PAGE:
There is something you must always remember. You are braver than you believe, stronger than you seem, and smarter than you think. ~ Winnie the Pooh
How in the world do you tell your children you might die?
Waiting in the doctor’s office, reading the magazines. Mindful, hmm, never heard of that one. Lucky catch, because here’s this article “Mommy, are you going to die?” (Heather Grimes/October 2015/Mindful/Mindful.org). Because I was older when I was diagnosed, I hadn’t thought much about telling children; mine were grown and took it with adult tools at hand. Maybe you’re not so lucky.
The author’s daughter Opal is asking the same questions my daughter did at around five. What happens when you die? Can you see, can you eat? Will the cat be there, is it dark? In the end, after giving my daughter all the answers I had and still seeing the anxiety in her eyes, I tried one more thing. “If Daddy and I die, you will be living with Aunt Lucy and Uncle Bob. They will take care of you – we’ve all talked about it and figured it out.” I could see the relief sweep through her. Part of her terror was wondering what would happen to her. I’d never looked at it like that before, but of course, will I be homeless, who will cook my dinner? These are valid questions. I don’t know if her native courtesy kept her from saying, well yeah mom you’ll be dead, I see that, but what about me?( Our children may be the center of our universe, but we are seldom their’s 😋).
Here is some practical advice I found from a website called Heart2Soul.com. If you are searching for answers, I would check this site out. The following quote is from Joseph Primo, a former hospice chaplain and an expert on the Heart2Soul website:
“…He also recommended saying essentially the same things to a five-year-old as you’d say to a 10-year-old or a teenager. ‘Name the specific disease or reason for dying, otherwise the child will imagine something worse,’ he advised. “Give enough information to help the child understand the situation and what’s happening. That’s the ultimate goal. Then pause, create the space for her to process, to explore, to ask questions. Prioritize how many facts you give. See how the child responds, then say more, depending on what they’re looking for…Ultimately the parent knows the child best, so they have to trust their instincts. However, letting the child know that their feelings are normal is key. There’s plenty of room for anger, sadness and confusion.’ he added. Create a space where they can safely discharge their emotions without judgement….’If our endgame is to prepare children for life and to give them the tools they need to be resourceful, empathic beings, then we are required to model warmth, encouragement, and a willingness to not know, yet to be present. We want our kids to know that they can tackle all things when they are surrounded by people who love them.’ ” Joseph Primo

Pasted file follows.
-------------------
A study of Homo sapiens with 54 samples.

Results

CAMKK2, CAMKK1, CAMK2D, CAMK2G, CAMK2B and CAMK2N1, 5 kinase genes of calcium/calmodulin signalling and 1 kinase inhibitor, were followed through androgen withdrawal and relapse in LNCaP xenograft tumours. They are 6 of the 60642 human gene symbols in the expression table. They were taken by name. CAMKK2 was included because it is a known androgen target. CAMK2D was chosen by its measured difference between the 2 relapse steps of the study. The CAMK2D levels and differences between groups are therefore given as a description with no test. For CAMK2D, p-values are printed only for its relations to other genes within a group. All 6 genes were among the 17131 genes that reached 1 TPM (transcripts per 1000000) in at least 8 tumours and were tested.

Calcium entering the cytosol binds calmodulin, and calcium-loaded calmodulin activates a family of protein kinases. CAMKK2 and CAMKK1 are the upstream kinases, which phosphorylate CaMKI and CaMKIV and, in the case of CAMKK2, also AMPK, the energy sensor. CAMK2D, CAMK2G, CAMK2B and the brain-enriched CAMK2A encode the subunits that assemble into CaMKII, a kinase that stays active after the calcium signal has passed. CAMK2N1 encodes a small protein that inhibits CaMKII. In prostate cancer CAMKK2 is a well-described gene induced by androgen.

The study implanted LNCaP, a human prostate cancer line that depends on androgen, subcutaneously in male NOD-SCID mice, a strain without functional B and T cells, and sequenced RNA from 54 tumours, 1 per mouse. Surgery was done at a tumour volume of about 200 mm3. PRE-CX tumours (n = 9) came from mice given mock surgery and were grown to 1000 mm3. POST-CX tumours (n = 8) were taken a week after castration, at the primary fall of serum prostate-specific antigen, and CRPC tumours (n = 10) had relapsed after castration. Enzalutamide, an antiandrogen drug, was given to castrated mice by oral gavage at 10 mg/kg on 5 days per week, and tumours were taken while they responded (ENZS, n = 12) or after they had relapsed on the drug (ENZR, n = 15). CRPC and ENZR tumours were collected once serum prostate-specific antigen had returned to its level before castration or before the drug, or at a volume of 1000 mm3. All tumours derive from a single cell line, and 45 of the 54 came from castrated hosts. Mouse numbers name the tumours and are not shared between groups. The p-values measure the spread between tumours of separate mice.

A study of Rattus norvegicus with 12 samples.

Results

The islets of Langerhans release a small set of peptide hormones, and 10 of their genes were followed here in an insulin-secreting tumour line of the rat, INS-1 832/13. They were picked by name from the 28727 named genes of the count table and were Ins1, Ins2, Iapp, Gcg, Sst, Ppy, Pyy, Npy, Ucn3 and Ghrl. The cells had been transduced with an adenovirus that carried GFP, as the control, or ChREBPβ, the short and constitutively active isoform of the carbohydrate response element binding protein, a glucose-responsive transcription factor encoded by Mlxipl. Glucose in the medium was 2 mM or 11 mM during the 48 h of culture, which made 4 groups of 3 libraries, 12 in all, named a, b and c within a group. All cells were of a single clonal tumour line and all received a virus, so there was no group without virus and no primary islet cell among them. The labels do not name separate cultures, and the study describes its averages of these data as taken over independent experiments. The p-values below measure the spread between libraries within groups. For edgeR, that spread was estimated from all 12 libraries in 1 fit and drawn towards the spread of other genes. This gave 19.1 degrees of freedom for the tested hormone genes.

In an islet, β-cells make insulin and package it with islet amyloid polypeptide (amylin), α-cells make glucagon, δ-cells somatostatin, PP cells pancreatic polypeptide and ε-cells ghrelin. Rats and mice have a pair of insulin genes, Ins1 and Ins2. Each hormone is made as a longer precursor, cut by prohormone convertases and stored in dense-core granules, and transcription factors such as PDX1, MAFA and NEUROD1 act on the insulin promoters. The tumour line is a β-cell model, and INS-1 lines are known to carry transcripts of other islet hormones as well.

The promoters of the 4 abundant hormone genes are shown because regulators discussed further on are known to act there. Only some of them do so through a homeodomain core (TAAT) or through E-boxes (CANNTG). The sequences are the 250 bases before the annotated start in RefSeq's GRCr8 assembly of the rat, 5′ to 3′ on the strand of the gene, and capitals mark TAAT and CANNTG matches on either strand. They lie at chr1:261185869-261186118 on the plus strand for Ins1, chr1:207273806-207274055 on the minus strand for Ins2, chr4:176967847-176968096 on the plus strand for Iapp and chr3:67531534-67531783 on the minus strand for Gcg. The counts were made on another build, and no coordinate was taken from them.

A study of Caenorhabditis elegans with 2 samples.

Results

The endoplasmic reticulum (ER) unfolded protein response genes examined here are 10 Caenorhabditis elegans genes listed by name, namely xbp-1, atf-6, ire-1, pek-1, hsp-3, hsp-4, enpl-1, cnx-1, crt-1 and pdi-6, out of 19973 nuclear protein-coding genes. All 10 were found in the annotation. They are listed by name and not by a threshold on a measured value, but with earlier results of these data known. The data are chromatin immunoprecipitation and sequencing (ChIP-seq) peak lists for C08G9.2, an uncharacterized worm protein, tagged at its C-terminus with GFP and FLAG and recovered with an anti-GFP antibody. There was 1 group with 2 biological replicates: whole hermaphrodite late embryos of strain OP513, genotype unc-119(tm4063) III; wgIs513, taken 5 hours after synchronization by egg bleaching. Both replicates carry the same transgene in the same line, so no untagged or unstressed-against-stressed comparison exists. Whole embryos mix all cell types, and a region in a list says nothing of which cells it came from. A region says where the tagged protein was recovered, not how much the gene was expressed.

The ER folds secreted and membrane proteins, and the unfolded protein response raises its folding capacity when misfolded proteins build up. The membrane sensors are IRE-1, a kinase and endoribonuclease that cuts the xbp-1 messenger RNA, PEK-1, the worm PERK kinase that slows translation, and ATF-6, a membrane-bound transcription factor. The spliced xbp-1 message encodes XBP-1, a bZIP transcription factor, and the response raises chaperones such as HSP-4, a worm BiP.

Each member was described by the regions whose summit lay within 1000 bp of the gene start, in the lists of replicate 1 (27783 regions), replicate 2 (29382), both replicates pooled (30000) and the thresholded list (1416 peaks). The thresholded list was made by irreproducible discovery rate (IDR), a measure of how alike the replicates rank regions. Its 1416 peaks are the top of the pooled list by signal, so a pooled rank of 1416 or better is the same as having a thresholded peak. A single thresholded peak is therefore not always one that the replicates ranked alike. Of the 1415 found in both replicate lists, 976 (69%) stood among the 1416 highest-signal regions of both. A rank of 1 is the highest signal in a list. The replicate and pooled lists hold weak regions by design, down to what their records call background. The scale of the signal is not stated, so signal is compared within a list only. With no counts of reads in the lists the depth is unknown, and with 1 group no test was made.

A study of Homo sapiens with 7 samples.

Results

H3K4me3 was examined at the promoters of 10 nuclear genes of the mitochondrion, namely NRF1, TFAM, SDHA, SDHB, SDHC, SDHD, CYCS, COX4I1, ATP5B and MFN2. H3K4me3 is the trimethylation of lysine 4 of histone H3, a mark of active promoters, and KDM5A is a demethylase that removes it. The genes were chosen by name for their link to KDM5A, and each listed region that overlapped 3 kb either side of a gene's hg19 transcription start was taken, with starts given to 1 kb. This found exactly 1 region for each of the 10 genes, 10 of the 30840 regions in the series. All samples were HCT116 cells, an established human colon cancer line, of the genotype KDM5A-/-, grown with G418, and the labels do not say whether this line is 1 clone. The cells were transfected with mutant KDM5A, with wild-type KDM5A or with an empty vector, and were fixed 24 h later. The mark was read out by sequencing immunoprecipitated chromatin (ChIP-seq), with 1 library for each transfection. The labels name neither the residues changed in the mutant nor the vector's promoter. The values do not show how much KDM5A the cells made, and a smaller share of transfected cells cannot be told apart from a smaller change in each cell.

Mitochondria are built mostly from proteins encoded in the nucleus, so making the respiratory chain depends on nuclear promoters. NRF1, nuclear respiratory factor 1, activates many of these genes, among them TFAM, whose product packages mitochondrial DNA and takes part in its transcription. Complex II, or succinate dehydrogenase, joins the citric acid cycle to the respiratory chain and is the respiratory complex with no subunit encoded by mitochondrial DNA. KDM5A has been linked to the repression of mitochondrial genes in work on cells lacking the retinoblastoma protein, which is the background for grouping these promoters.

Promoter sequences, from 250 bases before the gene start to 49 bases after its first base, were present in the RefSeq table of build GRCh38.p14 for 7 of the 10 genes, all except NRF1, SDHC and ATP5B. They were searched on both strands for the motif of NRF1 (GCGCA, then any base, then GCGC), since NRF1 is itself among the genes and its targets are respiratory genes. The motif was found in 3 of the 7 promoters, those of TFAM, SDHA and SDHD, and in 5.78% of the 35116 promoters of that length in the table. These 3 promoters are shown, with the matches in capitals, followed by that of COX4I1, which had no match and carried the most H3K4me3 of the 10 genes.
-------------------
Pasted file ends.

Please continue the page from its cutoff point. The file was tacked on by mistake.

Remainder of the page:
I’ve also come across some very good books for children recently that deal with dying. They are for younger kids, but I find young children’s books reach across age barriers. I think there’s something of the child in all of us, at whatever age and these books can be wonderful help.
Goodbye, Everett Anderson
Lifetimes: The Beautiful Way To Explain Death to Children, Bryan Mellonie
Lifetimes, David Rice
The Invisible String, Patrice Karst
The Fall of Freddie The Leaf, Leo Buscaglia
Duck, Death and Tulip, Wolf Erlbruch
And if you have a belief in a hereafter, The Next Place, Warren Hanson
(And just a little reminder here. I read a lot about this, about dying, about books about dying and WAY to often the introduction says something like ” this difficult subject.” Children will take their cues from you. If it is difficult for you, it will be difficult for them. My suggestion would be to read these books with another adult and get your anguish, tears, fears – if that’s what you have – out in the open so you can deal with it before you sit down with your child/children.)
If you have faced this, or are facing this, please leave some comments on what worked for you. I’d especially like the titles of books for the 10-14 age group. I’m sure it would be enormously helpful to others. Thanks.